The Copper River Valley


Tok Cutoff (AK1/Glenn Highway) Gakona Junction to Tok

Glenn Highway (AK1) Palmer to Glenallen

South Richardson Highway (AK4) Valdez to Glenallen

Copper Center

Edgerton Highway (AK10) & Chitina

Wrangell-St. Elias National Park & Preserve

McCarthy & Kennicott

Prince William Sound & Chugach National Forest

Cordova and the Copper River Delta



McCarthy and Kennicott

Location/Climate: McCarthy is 60 miles east of Chitina in the heart of Wrangell–St. Elias National Park and Preserve. 12"/yr. precip., 52"/yr. snowfall, -58°F–91°F.

Population: 31 (4 percent native).

Travel Attractions: Historic buildings and setting, Kennecott Mine ruins, Kennicott and Root Glacier access, Wrangell–St. Elias National Park and Preserve access, running the Chitina River.

Getting There: Vehicle access from Valdez, Glenallen via Richardson Highway (AK 4), Edgerton Highway (AK 10), and McCarthy Road; regular and small-plane charter service.

Information: Wrangell–St. Elias National Park and Preserve Headquarters, P.O. Box 439, Mile 105.5 Richardson Highway, Copper Center, 822-5234, www.nps.gov/wrst. Chitina Ranger Station, 823-2205.

The settlement of Kennicott grew from its mining-camp beginnings in 1908 until it featured not only the massive mine buildings, but homes, a school, gym, tennis court, and a silent movie theater. By 1911 the Copper River & Northwestern Railway was completed and trains began hauling copper ore down the Chitina and Copper Rivers to Cordova.

Since drinking and gambling were forbidden in company-owned Kennicott, McCarthy was developed 5 miles to the south along the margin of the Kennicott Glacier. As Kennicott’s alter ego, McCarthy hosted saloons and a red-light district, as well as stores, hotels, restaurants, and a newspaper. The area population reached about 800, but both towns were abandoned in 1938 when the mine closed, having extracted $200 million worth of ore from the hills. The National Trust for Historic Places identifies the area’s structures as among the nation’s most endangered. Steps to preserve them are underway.

Today the rekindled village of McCarthy is a great place to stroll, shop, sup, and stay. Visitors arrive by air or via the McCarthy Road and foot bridge (see McCarthy Road, above). Ask around about the shuttle vans that take you up the road from McCarthy along the east side of Kennicott Glacier to the buildings and ruins of the Kennecott Mine. The mine area offers great views, glacier access, and good hiking. The wonderful Kennicott Glacier Lodge serves travelers at the mine site, though most services are in McCarthy.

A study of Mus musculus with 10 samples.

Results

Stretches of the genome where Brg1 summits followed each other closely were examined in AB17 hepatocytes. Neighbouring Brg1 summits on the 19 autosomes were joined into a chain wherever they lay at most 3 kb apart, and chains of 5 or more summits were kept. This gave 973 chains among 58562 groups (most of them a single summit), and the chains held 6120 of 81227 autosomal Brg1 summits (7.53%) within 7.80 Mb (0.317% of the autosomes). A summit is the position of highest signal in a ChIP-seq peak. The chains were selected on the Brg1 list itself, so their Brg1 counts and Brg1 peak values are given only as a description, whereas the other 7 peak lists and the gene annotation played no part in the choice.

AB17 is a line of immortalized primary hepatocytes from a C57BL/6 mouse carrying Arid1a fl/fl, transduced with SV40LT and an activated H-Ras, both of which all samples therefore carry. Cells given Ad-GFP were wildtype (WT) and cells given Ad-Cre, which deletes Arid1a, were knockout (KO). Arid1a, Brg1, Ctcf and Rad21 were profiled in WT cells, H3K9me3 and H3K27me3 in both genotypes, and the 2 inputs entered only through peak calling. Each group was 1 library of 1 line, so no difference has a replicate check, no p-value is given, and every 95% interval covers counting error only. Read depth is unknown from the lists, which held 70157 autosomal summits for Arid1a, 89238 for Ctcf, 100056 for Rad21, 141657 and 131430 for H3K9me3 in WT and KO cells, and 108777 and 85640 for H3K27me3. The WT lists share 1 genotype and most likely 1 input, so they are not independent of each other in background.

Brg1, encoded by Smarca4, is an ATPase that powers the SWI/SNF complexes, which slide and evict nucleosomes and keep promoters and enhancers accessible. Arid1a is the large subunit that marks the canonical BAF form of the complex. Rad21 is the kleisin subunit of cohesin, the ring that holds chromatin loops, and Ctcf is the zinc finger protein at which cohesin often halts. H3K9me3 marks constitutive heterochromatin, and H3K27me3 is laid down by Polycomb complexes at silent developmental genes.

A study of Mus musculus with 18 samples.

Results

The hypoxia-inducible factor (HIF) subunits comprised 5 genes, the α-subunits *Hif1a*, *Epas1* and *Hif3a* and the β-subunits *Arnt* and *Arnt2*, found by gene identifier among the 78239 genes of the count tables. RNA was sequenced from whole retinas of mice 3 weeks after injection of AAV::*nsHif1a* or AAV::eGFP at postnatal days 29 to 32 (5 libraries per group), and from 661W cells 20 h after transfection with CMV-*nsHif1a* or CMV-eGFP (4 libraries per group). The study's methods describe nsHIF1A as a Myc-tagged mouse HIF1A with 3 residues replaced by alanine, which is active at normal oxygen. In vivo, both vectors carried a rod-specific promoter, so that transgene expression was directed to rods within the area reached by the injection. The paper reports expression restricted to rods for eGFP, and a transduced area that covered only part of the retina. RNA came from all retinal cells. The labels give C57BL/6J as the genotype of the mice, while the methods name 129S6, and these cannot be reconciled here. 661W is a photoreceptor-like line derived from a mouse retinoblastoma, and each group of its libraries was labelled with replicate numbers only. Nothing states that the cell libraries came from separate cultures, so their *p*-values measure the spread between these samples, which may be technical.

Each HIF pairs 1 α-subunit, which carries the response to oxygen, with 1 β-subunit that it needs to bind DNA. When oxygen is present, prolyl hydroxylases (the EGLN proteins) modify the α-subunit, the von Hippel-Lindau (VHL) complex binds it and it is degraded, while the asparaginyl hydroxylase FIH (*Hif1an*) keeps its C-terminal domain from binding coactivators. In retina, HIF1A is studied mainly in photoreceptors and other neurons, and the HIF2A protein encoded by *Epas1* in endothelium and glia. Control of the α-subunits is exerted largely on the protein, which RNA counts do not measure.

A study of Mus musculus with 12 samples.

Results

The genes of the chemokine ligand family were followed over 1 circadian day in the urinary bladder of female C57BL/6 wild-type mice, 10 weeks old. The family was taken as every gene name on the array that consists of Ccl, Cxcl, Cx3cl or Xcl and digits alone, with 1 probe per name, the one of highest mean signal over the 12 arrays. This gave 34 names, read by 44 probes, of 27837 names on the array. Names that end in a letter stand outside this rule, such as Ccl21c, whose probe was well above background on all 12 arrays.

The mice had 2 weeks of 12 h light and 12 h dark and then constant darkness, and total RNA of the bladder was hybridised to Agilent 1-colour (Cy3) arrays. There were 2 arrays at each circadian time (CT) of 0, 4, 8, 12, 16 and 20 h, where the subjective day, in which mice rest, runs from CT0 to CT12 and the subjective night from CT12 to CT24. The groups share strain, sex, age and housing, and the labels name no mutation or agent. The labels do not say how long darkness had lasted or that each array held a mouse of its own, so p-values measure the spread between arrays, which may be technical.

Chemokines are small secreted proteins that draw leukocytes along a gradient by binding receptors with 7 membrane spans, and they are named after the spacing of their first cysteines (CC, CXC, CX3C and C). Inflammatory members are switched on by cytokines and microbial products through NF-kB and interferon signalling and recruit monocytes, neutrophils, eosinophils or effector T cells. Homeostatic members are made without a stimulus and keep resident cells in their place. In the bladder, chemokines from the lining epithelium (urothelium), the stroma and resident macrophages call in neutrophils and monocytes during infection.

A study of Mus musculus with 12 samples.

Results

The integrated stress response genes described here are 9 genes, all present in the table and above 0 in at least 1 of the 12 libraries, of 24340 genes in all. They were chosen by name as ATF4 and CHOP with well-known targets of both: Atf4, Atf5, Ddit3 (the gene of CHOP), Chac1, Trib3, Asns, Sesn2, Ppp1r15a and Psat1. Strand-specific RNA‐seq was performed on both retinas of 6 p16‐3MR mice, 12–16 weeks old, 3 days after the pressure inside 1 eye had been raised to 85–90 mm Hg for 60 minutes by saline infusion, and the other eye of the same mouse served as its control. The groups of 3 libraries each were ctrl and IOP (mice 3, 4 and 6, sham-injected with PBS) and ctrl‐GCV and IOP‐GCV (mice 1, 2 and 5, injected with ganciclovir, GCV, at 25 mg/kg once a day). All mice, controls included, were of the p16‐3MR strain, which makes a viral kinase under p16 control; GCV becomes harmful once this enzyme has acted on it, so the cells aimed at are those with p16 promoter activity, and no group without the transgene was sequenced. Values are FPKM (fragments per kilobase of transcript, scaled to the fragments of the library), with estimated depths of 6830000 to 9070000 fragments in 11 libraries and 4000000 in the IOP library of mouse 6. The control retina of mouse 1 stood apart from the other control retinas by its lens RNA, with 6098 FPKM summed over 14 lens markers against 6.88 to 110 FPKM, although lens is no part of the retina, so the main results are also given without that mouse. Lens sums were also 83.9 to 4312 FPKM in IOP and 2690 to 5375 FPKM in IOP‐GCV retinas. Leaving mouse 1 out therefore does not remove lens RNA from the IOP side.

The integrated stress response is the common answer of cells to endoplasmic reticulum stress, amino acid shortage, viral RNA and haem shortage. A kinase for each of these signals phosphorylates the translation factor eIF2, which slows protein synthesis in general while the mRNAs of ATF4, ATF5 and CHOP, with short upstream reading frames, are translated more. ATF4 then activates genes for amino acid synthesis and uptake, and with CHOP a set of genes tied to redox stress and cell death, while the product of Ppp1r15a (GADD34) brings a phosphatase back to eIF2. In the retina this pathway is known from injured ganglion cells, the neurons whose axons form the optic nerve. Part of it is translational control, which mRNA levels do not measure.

From Kennicott, an old road-turned-trail follows the east margin of Kennicott Glacier and Root Glacier into the hills. Glacier-based ventures into the high peaks often begin here, as do less-ambitious backpacking trips. Hiking a few miles in from the mine to find a spot for rough camping is a good idea. Be careful when walking on Kennicott or Root Glacier, and follow all bear advice religiously. Steep trails also climb up behind the mining buildings to the sites of old shafts and service structures.

Where to Stay and Eat in McCarthy and Kennicott

Historic Kennicott Bed-and-Breakfast, #14 Silk Stocking Row, Kennicott, 554-4469. Small B&B in old mine house, $120 for two.

Kennicott Glacier Lodge, Kennicott, (800) 582-5128, 258-2350, $120 single, $170 double, add about $40 per person for meals, McCarthy shuttle and mine-ruins tour included. The only lodge/ restaurant at the old Kennecott Mine site, renovated historic building, great view, fantastic location, restaurant; can’t be beat! BL

McCarthy Lodge: Ma Johnson Hotel & Restaurant/Saloon, McCarthy, 554-4402. Historic rooms with modern shared baths at the hotel. Rooms are $95 and up. "Beer, Bull & Grub" at the restaurant/saloon.